Varanasi. Where does one begin? Archaeologists believe it’s been around since the 11th or 12th-century BC. Hindus, on the other hand, say Lord Shiva created it 20 centuries earlier.
Regardless of how and when Varanasi came to be, Kuldip reckons it hasn’t been cleaned since day one. And, by the look of it, he’s right. There’s crap everywhere, literally. Kuldip and I went in May when it was 45oC each day; the heat, cow dung, litter and cooking and people smells spawned a pungent brew. The closer one is to the Ganges or Ganga, the worse it gets. Nevertheless, unlike Kuldip, I enjoyed the place, warts and all.
To arrive in Varanasi, dead or alive, is on the bucket list of every practising Hindu. It’s where the living bathe in the Ganges to wash away their sins and the dead come to be cremated. Hindus believe in reincarnation. That’s why they won’t kill anything for it might be someone’s dear departed. However, Hindus cremated on the west bank of the Ganges in Varanasi, circumvent the reincarnation process. (Hindus call it Moksha and explain it as a release from the cycle of death and rebirth.) In other words, it’s an express elevator to heaven. Luckily Kuldip’s not Hindu because he wouldn’t be seen dead in Varanasi again.
Varanasi is overwhelming in many ways especially regarding numbers. Around 3.5 million people live there. That’s nearly 2,500 people per square kilometre. We went in the low season, and the place was packed. I can’t image what Varanasi is like at peak time when an extra 2.5 million people, give or take a few thousand, descend upon the city. When one adds the untold number of stray dogs and transportation of all types, Varanasi must be bulging at the seams from October to March. Then, there is the countless number of sacred cows.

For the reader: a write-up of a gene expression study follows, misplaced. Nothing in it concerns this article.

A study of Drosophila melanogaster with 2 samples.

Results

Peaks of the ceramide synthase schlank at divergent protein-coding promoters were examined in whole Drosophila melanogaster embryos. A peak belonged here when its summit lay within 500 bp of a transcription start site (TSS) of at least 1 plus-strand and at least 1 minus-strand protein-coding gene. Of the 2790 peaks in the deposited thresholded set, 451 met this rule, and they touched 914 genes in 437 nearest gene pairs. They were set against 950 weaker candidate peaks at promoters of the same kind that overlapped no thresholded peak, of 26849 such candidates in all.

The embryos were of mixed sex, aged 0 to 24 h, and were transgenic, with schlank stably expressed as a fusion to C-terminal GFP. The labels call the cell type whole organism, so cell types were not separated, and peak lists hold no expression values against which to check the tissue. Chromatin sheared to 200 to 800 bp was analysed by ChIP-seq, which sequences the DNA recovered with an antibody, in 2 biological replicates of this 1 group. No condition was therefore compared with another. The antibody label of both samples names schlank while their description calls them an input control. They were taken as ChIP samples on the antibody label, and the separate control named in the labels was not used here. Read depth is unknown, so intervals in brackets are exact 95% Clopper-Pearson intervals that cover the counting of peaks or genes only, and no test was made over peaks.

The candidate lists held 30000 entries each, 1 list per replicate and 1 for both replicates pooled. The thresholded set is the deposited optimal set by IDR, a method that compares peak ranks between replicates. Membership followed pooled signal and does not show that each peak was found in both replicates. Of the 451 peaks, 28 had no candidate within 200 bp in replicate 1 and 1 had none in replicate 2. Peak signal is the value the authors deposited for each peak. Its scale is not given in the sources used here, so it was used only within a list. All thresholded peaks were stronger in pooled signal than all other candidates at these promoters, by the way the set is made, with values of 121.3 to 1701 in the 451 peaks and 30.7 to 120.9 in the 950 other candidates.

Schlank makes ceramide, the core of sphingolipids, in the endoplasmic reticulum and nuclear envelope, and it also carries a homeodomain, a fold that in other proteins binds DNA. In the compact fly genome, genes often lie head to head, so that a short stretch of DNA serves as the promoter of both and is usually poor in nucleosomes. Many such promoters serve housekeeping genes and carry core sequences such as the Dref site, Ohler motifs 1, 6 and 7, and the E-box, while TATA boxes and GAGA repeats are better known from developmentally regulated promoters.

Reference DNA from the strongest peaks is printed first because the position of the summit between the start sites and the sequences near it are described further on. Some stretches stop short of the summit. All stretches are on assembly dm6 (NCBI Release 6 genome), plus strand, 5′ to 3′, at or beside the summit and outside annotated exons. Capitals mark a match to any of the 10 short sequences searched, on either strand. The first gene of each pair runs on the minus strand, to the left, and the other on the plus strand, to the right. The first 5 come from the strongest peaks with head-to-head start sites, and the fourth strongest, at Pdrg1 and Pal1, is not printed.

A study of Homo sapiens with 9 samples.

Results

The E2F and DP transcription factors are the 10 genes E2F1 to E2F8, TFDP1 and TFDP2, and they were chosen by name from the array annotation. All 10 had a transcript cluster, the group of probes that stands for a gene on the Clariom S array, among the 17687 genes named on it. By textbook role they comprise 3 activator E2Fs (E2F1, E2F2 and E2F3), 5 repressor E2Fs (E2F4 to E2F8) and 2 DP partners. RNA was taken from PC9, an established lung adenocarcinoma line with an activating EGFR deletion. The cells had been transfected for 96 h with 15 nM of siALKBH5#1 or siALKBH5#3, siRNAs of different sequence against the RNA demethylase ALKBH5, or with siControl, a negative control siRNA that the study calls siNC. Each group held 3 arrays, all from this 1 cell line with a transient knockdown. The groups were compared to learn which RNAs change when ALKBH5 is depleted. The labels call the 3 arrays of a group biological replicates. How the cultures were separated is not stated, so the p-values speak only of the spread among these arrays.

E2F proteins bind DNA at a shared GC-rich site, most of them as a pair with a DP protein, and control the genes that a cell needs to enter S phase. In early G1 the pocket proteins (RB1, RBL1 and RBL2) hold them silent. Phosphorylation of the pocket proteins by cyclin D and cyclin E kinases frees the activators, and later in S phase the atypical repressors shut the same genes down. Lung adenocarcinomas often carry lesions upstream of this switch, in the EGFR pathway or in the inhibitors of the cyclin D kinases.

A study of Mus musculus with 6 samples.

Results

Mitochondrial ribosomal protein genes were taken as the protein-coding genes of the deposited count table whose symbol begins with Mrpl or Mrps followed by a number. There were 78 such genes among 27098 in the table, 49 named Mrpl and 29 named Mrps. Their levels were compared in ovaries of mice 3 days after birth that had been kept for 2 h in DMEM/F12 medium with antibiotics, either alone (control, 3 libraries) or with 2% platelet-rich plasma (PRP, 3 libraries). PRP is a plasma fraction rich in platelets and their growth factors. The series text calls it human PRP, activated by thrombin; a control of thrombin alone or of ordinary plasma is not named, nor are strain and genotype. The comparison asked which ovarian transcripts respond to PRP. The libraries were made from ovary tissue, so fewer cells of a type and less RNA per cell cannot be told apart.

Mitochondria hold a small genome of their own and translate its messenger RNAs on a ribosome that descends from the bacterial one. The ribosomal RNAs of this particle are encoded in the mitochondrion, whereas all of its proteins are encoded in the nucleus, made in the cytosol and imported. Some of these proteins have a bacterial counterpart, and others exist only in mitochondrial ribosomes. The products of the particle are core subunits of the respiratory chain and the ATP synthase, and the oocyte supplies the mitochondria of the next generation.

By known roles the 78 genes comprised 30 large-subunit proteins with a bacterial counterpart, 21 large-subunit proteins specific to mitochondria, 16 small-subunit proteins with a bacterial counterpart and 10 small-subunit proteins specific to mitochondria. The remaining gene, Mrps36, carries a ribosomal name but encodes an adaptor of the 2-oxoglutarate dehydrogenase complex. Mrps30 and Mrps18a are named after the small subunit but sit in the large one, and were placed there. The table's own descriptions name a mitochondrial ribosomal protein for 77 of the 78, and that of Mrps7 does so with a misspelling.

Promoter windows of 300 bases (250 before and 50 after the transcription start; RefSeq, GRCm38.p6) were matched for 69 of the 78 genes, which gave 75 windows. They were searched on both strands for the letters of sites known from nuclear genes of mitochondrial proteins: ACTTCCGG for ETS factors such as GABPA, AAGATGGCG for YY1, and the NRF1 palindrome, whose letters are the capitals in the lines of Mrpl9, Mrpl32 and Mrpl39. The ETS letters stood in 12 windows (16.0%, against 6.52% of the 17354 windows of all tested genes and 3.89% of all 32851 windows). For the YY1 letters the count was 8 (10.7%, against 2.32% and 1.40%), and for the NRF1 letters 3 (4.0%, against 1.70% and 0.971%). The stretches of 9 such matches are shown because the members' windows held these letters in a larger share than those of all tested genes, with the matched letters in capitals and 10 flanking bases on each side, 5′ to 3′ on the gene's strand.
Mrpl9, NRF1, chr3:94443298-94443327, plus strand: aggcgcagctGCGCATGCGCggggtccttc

Regardless of whether one is Hindu or not, killing cattle in India is a big no no and illegal in some states. Therefore, when a cow or bull has outlived its usefulness, its owner has no option but to dump it on the side of the road to fend for itself. I’m not suggesting that people like doing it, but the last thing most of them need is another mouth to feed. That’s why where are so many strays on the streets in India.
Lahori Tola is the oldest and most congested part of Varanasi. It’s right behind the ghats (stairs that lead to the river). While Kuldip couldn’t stand the place, I had a good time exploring its tiny lanes where vendors sell tourist tatt and all sorts of interesting stuff. It’s a good idea in the old part of town to stand with your back against the wall to let a cow or bull or group of them squeeze past. It’s also wise to keep one eye on the ground while walking around. Furthermore, it’s not unusual in Lahori Tola to see cowsheds jammed in between shops and houses. No prizes for guessing how one knows when there’s a barn nearby.
Many people have written about what it’s like to witness the beginning and the end of a day on the Ganges, or Ganga, in Varanasi. As you will see from the photos that follow, we did all the touristy things too.
Although Varanasi is the seat of India’s current Prime Minister, it’s behind the eight ball regarding urban development. Long-term improvement is one thing, but surely Narendra Modi can use his influence to get his electorate cleaned up, and quickly. Lucknow’s administration got their city ship-shape in no time. Maybe Modi should get on the blower to find out how they did it.
Varanasi is, to my mind, the best and worst of India and the epitome of life and death itself.
Could Varanasi become squeaky clean and clinical? Not a chance. No one wants it to be, but it’s one of India’s tourist hot spots and should leave a better impression.
Note: We stayed at the Rivatas Hotel it’s in a good location and great value for money. Check out my review on TripAdvisor for more info.